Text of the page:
Alison Mitchell, Executive Director, Sensor City 2

NW in 2018 | Building a knowledge network

In recent years, the benefits associated with collaborative working have become prevalent, particularly in the science and tech sectors, and we’re continuing to champion this at Sensor City, writes executive director, Alison Mitchell.

Sensor City is the hub for sensor technology development and growth based in Liverpool. The building is designed to encourage the sharing of ideas and knowledge, and coupled with our lab facilities, this will help SMEs involved with the Internet of Things and sensors progress their concepts to prototype quickly and effectively.

Since our first tenants arrived earlier this year, we’ve seen them make the most of the knowledge, skills and networks available. The communication and ideas that have evolved between these forward-thinking tech companies has been inspiring. By clustering together in one purpose-built environment, our tenants and members are beginning to visualise how their products and concepts can be improved through the sharing of ideas.

But our focus is not only on collaboration within the building itself. Sensor City is strategically located at the gateway to Liverpool’s Knowledge Quarter, a £5bn vision which will see a concentration of expertise and ground-breaking innovation take shape within a 400-acre area of the city centre. The Knowledge Quarter already encompasses the two city centre universities, Liverpool School of Tropical Medicine and the new Royal Liverpool Hospital, so we’re in fantastic company.

Sensor City 5

The 25,000 sq ft Government-backed research base Sensor City completed in July 2017

Sensor City and its tenants will benefit from, and be very much a part of, this community of scientists, inventors, academics and students who are at the forefront of discovery in science, health, technology, culture and education. This supportive community will see companies and organisations co-exist and grow together in a unique way.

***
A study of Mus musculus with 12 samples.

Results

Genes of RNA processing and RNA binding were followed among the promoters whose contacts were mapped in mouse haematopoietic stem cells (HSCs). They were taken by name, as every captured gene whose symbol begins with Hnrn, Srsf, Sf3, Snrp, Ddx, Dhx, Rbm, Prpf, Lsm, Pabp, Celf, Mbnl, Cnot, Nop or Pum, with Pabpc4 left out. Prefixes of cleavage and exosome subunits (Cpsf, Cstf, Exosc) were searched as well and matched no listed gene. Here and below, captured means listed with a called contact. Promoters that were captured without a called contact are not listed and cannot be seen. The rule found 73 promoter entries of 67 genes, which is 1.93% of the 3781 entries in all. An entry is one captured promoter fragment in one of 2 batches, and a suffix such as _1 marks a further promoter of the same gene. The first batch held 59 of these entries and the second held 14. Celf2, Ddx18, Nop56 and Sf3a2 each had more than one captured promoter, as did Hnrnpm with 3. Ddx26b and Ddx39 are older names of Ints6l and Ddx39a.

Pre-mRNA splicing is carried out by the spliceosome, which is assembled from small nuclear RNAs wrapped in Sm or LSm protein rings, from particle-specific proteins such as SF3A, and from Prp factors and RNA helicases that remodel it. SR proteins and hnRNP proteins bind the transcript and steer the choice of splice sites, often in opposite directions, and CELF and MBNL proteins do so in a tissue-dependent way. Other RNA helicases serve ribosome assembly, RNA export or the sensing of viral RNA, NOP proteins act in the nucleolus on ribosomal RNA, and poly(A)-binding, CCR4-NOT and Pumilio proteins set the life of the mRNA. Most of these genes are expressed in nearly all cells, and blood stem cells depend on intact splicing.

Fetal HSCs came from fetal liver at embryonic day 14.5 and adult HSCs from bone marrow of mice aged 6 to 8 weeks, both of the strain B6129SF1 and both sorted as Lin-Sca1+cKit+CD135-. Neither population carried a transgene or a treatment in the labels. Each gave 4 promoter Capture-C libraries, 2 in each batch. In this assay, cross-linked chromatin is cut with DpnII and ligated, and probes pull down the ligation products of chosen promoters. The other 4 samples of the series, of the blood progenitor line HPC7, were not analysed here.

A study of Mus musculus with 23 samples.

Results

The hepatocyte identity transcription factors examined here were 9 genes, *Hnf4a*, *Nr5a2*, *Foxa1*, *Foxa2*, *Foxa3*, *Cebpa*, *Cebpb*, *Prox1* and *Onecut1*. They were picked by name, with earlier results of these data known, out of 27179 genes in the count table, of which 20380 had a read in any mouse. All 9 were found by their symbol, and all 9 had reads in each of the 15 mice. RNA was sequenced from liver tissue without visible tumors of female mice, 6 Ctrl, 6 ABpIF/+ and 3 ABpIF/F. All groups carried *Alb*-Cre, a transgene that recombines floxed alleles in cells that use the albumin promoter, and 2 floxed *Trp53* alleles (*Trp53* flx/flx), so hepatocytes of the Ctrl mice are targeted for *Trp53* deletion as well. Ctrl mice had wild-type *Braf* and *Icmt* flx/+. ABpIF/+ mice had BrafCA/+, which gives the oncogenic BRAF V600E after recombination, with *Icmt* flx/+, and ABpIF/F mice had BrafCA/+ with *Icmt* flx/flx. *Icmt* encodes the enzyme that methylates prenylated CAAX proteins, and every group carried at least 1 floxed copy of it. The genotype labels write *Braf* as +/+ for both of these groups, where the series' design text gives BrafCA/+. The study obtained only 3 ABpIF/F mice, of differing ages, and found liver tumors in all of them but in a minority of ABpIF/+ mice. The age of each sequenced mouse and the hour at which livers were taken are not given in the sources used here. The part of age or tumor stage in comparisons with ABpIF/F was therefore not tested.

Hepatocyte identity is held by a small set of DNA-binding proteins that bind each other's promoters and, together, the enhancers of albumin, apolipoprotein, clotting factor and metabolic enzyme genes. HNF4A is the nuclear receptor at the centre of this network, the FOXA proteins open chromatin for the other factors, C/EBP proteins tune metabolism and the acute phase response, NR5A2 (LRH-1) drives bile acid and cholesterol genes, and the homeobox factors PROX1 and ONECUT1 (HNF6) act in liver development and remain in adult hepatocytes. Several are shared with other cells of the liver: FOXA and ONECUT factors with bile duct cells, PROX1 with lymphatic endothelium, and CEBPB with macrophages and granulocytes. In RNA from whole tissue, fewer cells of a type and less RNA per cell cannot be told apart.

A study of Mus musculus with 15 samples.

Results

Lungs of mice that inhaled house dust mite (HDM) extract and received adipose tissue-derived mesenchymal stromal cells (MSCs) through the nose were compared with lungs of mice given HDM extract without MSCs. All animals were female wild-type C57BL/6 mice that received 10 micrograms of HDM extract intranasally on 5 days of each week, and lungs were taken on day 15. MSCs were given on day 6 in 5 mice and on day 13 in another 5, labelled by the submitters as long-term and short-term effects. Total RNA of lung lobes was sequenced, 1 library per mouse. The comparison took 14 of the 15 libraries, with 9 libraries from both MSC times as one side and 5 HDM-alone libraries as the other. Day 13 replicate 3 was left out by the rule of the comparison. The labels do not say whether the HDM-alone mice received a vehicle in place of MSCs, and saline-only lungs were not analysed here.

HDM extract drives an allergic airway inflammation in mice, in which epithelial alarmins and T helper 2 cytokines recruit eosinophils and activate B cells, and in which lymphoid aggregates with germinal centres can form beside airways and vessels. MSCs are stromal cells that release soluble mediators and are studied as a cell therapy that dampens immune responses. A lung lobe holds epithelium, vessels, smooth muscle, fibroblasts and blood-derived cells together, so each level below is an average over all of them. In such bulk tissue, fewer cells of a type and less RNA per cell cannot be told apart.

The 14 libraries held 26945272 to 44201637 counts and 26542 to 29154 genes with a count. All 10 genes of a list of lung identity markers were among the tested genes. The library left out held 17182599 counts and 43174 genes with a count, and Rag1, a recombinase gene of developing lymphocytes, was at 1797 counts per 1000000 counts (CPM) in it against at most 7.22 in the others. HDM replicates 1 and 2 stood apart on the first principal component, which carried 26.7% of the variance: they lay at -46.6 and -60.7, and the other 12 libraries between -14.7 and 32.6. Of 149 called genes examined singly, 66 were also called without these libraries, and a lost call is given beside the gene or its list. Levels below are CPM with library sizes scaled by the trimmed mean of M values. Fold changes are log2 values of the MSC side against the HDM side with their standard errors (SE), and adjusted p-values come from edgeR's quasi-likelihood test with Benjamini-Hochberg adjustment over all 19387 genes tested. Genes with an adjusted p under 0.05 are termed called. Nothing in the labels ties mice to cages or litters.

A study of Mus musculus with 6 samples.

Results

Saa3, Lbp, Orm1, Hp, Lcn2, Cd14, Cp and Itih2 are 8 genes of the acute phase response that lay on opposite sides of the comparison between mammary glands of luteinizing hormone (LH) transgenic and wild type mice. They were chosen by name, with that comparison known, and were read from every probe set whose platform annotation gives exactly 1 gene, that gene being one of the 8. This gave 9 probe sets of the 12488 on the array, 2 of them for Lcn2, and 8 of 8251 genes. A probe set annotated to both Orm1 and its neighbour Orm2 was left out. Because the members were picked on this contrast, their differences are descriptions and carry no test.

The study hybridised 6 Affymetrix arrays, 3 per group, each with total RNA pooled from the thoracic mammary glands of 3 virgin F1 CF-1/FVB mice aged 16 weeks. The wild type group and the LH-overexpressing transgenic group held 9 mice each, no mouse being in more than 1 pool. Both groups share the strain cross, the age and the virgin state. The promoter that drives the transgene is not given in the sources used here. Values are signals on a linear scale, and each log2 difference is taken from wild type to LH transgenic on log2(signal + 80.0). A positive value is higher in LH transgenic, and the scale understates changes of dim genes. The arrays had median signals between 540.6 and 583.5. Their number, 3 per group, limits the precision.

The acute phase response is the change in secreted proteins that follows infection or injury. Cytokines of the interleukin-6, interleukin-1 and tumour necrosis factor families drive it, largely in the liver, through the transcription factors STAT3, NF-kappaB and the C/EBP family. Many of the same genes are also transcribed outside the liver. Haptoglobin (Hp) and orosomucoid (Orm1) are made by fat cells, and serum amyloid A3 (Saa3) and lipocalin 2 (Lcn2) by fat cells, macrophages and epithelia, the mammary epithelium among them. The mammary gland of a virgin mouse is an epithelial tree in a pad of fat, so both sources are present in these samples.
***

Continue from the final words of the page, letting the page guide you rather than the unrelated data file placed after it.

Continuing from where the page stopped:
A key element of the Knowledge Quarter will be Paddington Village, a £1bn development comprising state-of-the-art labs, teaching spaces, shops, restaurants and a hotel at the eastern part of the city. A new train station at Paddington Village will link the district to the city centre, making its unrivalled facilities and innovation spaces even more accessible.

Focusing on collaboration and offering the very best facilities, the city will be in a position to build an exceptionally strong collective of innovators, retaining the very best talent and closing the economic gap between Liverpool and London.

Sensor City is a joint venture between the University of Liverpool and Liverpool John Moores University, which successfully bid to create the city’s first University Enterprise Zone. The building presents an excellent opportunity for the universities to exchange knowledge with SMEs and also offer further facilities to these businesses. The relationship works both ways, with students and graduates getting the chance to use our world class equipment and lab spaces and learn from our experts and to work with companies.

By sharing ideas and facilities, and offering each other support, those setting up base in the Knowledge Quarter are showing how businesses, organisations and individuals, of varying types and sizes, can work cohesively towards the common goal of discovery.

The regeneration and reinvention of this area of Liverpool is extremely significant not only in its physical addition and resource for the city, but as a catalyst for collaborative working and a focal point for growth and investment.

Sensor City and the Knowledge Quarter can lead the way in creating products and ideas that propel Liverpool onto a global stage in science and technology, a place it wholly deserves to be. The infrastructure and talent is here and 2018 is going to be a very exciting year for innovation in the North.

The North West in 2018 series features guest contributors looking ahead to next year and is published throughout December.